Prevention of acute kidney injury and protection of renal function in the intensive care unit
- Joannidis, M., Druml, W., Forni, L.G. et al. Intensive Care Med (2010) 36: 392. doi:10.1007/s00134-009-1678-y
Acute renal failure on the intensive care unit is associated with significant mortality and morbidity.
To determine recommendations for the prevention of acute kidney injury (AKI), focusing on the role of potential preventative maneuvers including volume expansion, diuretics, use of inotropes, vasopressors/vasodilators, hormonal interventions, nutrition, and extracorporeal techniques.
A systematic search of the literature was performed for studies using these potential protective agents in adult patients at risk for acute renal failure/kidney injury between 1966 and 2009. The following clinical conditions were considered: major surgery, critical illness, sepsis, shock, and use of potentially nephrotoxic drugs and radiocontrast media. Where possible the following endpoints were extracted: creatinine clearance, glomerular filtration rate, increase in serum creatinine, urine output, and markers of tubular injury. Clinical endpoints included the need for renal replacement therapy, length of stay, and mortality. Studies are graded according to the international Grades of Recommendation, Assessment, Development, and Evaluation (GRADE) group system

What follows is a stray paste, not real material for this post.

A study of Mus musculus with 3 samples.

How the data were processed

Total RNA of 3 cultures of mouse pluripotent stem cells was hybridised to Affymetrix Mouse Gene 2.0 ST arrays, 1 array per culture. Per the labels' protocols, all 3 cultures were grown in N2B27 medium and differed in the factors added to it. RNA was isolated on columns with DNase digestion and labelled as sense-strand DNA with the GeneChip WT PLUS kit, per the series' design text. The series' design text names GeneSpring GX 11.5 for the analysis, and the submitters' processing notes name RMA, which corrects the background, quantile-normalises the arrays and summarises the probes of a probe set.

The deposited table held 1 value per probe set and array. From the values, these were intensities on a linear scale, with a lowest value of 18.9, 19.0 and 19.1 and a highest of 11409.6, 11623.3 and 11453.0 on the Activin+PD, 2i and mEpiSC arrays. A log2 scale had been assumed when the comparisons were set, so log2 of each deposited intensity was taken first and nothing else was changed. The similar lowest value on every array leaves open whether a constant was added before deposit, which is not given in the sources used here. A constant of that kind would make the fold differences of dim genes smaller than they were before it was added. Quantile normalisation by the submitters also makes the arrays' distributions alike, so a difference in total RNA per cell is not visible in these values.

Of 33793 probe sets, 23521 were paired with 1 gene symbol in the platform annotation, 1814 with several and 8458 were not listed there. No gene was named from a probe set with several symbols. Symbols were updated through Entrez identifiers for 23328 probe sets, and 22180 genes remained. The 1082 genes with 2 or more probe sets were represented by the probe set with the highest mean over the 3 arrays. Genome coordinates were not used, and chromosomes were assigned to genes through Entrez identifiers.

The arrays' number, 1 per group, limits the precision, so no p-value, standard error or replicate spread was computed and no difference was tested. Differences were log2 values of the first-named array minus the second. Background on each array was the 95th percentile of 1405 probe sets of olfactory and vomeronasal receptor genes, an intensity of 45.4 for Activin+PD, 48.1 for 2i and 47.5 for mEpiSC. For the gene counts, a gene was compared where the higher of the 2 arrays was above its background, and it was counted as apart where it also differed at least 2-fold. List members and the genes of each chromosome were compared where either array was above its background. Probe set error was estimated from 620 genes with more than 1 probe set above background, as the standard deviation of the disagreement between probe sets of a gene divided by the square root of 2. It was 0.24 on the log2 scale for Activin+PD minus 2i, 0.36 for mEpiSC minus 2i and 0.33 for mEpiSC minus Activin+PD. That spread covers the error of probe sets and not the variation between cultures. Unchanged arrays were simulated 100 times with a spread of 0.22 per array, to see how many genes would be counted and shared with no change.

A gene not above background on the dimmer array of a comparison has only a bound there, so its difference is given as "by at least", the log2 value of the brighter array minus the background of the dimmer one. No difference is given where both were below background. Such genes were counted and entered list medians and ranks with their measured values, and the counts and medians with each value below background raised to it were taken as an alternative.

Conclusions and recommendations
Several measures are recommended, though none carries grade 1A. We recommend prompt resuscitation of the circulation with special attention to providing adequate hydration whilst avoiding high-molecular-weight hydroxy-ethyl starch (HES) preparations, maintaining adequate blood pressure using vasopressors in vasodilatory shock. We suggest using vasopressors in vasodilatory hypotension, specific vasodilators under strict hemodynamic control, sodium bicarbonate for emergency procedures administering contrast media, and periprocedural hemofiltration in severe chronic renal insufficiency undergoing coronary intervention.